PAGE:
Composition: 50 % recycled cotton, 50 % recycled plastic (something like Repreve…?)

Weight: 210 g/m² declared by the manufacturer, 235 g/m² counted by us

Size: 6 (?) – length 434 cm

Half Jordan’s back carry

Let’s be honest. The most interesting thing about AYU wraps is their exotic origin and their story. They are Columbian, handwoven by single mothers and women who are victims of domestic violence. Aside from being fair-trade, they are also super-eco-bio – they are woven from recycled cotton and synthetic fiber made by recycling of PET bottles (which is the same process as in the case of Repreve, however, this one is manufactured in a different factory that does not own the trademark, I suppose) – the website of the Czech distributor even says that it takes to recycle 15 PET bottles to make one of the AYU wraps and that the fabric is not dyed with chemical dyes. If you also count in that the brand supports the Columbian Indian women who decorate the wraps by traditional techniquesand that it promotes babywearing in Columbia, it is basically impossible not to get excited about AYU’s philosophy.

The wrap itself, Nenes de Leche (translates as ˈchildren of milkˈ, isn’t that cute?) is a true newborn skinny piece but quite rough to touch, with plenty of lumps and irregularities of the twill – this is understandably due to being all made of recycled materials and it creates a very interesting structure of the wrap, which fully compensates the lack of a pattern in my opinion. Being rough, it slides very little while tying and holds tight in the carry, but it is not springy or elastic very much and it was not easy to tighten it perfectly. I felt my shoulders quite considerably with my nearly 9kg Emilka after a while in the front cross carry – it really is not a toddler piece. On the other hand, I would not recommend it for little babies because of its rough structure.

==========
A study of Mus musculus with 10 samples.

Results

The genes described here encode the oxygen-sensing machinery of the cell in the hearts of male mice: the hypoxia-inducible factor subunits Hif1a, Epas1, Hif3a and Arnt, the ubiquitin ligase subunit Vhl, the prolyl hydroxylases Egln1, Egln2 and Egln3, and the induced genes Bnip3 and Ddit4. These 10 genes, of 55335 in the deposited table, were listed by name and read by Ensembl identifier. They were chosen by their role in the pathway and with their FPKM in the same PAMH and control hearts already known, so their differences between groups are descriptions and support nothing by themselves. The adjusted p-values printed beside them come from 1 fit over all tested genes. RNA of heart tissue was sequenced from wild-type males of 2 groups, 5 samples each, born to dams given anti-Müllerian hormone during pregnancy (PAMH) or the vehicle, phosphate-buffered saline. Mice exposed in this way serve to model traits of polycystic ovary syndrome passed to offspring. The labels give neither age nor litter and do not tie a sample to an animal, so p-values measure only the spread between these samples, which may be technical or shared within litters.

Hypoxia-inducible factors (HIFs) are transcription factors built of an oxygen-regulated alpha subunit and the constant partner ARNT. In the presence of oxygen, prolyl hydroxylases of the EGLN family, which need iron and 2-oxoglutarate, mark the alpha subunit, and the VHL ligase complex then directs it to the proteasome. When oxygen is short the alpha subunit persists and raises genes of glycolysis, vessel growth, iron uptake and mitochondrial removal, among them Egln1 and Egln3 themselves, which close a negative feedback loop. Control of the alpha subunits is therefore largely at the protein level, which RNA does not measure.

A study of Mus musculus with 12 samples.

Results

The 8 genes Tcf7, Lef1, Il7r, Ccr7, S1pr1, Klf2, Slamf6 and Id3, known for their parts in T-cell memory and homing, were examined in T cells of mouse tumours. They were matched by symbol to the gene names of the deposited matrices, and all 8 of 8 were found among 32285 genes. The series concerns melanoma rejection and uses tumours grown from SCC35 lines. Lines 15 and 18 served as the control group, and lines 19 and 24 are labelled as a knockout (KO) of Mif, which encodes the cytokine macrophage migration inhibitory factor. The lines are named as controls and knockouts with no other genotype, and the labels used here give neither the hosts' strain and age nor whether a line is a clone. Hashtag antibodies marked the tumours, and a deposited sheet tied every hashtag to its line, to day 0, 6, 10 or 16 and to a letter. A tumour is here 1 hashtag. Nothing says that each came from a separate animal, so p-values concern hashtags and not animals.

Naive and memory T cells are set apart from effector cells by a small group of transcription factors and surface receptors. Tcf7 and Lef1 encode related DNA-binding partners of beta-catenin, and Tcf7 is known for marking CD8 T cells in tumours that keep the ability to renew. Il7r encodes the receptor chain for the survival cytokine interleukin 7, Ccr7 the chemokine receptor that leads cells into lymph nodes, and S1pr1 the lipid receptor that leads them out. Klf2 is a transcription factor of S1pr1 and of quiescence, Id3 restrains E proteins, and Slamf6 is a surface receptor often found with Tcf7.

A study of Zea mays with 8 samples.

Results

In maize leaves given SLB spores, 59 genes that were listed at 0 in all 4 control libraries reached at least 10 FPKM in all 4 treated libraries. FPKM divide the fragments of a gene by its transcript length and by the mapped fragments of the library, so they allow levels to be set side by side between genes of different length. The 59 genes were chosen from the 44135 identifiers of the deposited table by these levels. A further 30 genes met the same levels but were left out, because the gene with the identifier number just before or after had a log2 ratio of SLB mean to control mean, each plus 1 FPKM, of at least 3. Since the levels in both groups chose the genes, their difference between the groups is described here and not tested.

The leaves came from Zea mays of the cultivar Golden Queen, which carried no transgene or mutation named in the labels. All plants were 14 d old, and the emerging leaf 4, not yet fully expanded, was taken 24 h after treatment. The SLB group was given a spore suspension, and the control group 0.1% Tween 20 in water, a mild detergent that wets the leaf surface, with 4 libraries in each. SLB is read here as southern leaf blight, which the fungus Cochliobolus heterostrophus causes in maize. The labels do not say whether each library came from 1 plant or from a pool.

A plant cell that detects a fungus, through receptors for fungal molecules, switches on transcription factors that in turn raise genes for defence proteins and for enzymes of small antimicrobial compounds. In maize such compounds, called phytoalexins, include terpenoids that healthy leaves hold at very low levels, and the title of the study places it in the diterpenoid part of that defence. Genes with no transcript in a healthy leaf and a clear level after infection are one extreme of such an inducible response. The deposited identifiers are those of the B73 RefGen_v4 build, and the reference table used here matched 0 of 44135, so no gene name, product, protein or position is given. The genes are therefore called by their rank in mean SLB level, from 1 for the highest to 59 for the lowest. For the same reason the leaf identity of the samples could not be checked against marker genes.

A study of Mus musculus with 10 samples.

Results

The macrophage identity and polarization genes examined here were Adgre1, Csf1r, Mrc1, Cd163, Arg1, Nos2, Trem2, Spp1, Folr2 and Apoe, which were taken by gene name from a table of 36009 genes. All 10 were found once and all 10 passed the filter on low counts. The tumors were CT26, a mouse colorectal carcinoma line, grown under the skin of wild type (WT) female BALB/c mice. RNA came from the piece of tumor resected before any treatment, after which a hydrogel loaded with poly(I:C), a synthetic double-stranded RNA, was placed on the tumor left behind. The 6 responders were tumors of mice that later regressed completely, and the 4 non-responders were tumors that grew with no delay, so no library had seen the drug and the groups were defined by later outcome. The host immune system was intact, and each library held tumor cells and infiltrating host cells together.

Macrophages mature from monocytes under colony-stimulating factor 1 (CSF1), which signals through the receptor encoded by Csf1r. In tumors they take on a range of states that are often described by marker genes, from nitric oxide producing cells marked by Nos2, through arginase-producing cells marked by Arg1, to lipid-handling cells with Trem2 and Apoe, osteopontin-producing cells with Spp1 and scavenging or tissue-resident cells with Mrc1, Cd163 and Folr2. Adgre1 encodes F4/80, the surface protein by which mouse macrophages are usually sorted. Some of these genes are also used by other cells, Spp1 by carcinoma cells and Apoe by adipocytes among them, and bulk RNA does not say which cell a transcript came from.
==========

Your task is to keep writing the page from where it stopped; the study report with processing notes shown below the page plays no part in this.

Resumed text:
I also want to comment on the length of the wrap – the information I had when I signed up for the testing was that it should be size 6. In reality, I measured 434 cm, and moreover, the wrap has very long bevelled tips. Therefore, I am quite positive it is a size 5, dear AYU, please do not feel offended (however, size 5 is my base so I was OK with it in the end).

Concerning the tips of the wrap, there is a cute pocket on one of them, fastened by a piece of Velcro. The only positive thing I found about it is, however, its cuteness – I cannot imagine putting keys or a cell phone in it. One thing is that it is quite small, the other thing is that it would not be very comfortable to load the pocket with heavy stuff and have it swinging around while walking. Moreover, the combination of a wrap and Velcro as its integral part is at least a little bit problematic in my opinion (try to guess why). Anyway, the colour is beautiful, that I have to say, and being made of what it is made of makes it super-easy-care – the synthetic fiber makes it crease-resistant and durable when it comes to laundering, while it does not seem prone towards pulls at all. Moreover, if it develops lumps over time it would not be visible thanks to its structure.

I was not especially intrigued by AYU as a wrap, but I find the story and the purpose of the brand very interesting and laudable – this is the main reason why I would consider buying or recommending the wrap as a decent and durable working piece. However, despite being fond of such charitable initiatives and willing to spend some money on them from time to time, I would consider spending money on Columbian single mothers by the means of purchasing the AYU wrap in case the price of the wrap (as offered by the Czech distributor) was lower by approximately a half. I would rather spend similar amount of money at some of the Czech manufacturers’ e-shop (despite the fact that they do not employ Indian domestic violence victims) and get a class better quality wrap.

I hereby want to thank the Facebook group of Modern Wearers for the opportunity to test the wrap!